Adobe has teased significant updates for all of its “Creative Cloud” applications including veteran video editor Premiere Pro.
The new version, which will be rolled out as part of the usual continuous updates for CC subscribers, is to include:
1. Linked round-tripping from editor to other apps such as Speedgrade.
2. Improved masking and tracking for effects
3. Greater – and faster – support for UltraHD resolutions and beyond.
The first bullet will hardly seem revolutionary to users of other NLEs including Sony Vegas, which has long supported direct export of clips to other apps whilst remaining at least partly within the NLE environment (for example to Magic Bullet Looks via OFX) without the need for rendering either way.
Where Adobe goes one better is that the entire edit timeline – not just individual clips – gets transferred to Speedgrade for colouring before being returned for any further editing. This two-way process can be repeated as often as necessary, presumably (we say as the full details have not been explained) without losing any timeline information in the process such as you might if exporting in XML to DaVinci Resolve or the like.
Bullet 2 is something that the aforementioned Vegas is crying out for and Sony would to well to emulate. Adding separate masks to multiple individual effects on a single timeline clip provides the ability to selectively alter different areas of an image. Adding to this enhancement, Premiere Pro will also enable those masks to be motion-tracked automatically to the image.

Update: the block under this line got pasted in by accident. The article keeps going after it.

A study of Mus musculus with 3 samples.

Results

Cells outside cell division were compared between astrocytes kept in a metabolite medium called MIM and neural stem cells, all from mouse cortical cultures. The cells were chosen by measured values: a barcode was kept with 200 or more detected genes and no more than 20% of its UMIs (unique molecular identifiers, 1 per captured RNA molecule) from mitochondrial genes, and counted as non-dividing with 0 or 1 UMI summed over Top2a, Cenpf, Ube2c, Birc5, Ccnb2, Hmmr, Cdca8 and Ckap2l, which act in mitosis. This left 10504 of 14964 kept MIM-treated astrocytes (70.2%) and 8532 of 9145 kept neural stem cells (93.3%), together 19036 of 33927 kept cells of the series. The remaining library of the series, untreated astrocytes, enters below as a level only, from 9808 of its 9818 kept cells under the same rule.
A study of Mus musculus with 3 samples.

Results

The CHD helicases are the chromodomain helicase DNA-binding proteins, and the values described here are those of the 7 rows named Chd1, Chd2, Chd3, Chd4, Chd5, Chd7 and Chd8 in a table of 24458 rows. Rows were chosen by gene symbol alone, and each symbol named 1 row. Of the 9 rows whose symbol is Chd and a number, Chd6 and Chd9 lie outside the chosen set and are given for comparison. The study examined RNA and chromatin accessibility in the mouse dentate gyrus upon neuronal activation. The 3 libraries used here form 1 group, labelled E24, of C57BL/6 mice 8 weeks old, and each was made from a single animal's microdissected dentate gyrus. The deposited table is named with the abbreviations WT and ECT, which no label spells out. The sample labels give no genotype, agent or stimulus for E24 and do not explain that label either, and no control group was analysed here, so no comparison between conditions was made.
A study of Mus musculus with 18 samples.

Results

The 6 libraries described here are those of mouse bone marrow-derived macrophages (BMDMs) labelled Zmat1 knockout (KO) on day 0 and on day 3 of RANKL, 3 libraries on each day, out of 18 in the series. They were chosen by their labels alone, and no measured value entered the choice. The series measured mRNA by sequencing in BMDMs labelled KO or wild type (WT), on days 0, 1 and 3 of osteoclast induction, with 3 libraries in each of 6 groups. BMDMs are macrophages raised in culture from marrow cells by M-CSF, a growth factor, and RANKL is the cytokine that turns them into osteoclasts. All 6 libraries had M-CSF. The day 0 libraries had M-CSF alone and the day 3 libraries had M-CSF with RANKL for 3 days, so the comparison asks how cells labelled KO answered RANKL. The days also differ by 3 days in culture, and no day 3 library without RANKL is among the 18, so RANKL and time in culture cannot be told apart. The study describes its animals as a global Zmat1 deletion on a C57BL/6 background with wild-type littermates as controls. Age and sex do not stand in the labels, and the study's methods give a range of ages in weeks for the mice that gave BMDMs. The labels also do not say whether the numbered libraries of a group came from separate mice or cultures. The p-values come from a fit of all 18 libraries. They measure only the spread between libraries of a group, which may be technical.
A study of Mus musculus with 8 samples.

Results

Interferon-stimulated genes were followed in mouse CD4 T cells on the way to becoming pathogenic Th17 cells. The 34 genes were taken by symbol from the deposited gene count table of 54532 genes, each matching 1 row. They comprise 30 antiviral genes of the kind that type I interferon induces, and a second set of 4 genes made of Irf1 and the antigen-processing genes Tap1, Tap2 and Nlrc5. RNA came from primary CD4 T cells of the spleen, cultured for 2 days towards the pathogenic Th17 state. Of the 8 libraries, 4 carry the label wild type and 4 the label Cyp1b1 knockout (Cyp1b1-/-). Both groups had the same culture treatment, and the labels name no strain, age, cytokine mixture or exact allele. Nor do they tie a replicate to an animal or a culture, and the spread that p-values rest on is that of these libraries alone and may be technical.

Users of Grass Valley Edius are the ones to snigger this time round, as it’s had per-effect masking for ages though not, we seem to recall, with motion tracking.
Now if only someone would take the next step and provide separate effects chains per clip with per-chain masking, that would be ideal…
And finally, Bullet 3, enhanced Ultra HD performance. Well, everyone’s at it now so this is no great surprise but Adobe say their “greater than Ultra HD” timeline performance will be silky smooth, thanks to even greater use of whatever graphics processor is on board the editing PC.
After many years of playing catch-up to Apple’s Final Cut and perhaps even being considered by some edit snobs as a glorified piece of home software, Adobe really have begun pushing the boat out in their drive to retake the professional market including broadcast. If you can stand their requirement for monthly subscriptions then Premiere appears to be re-establishing itself as the de facto PC/Mac editing suite.
Take a look at www.adobe.com for more info.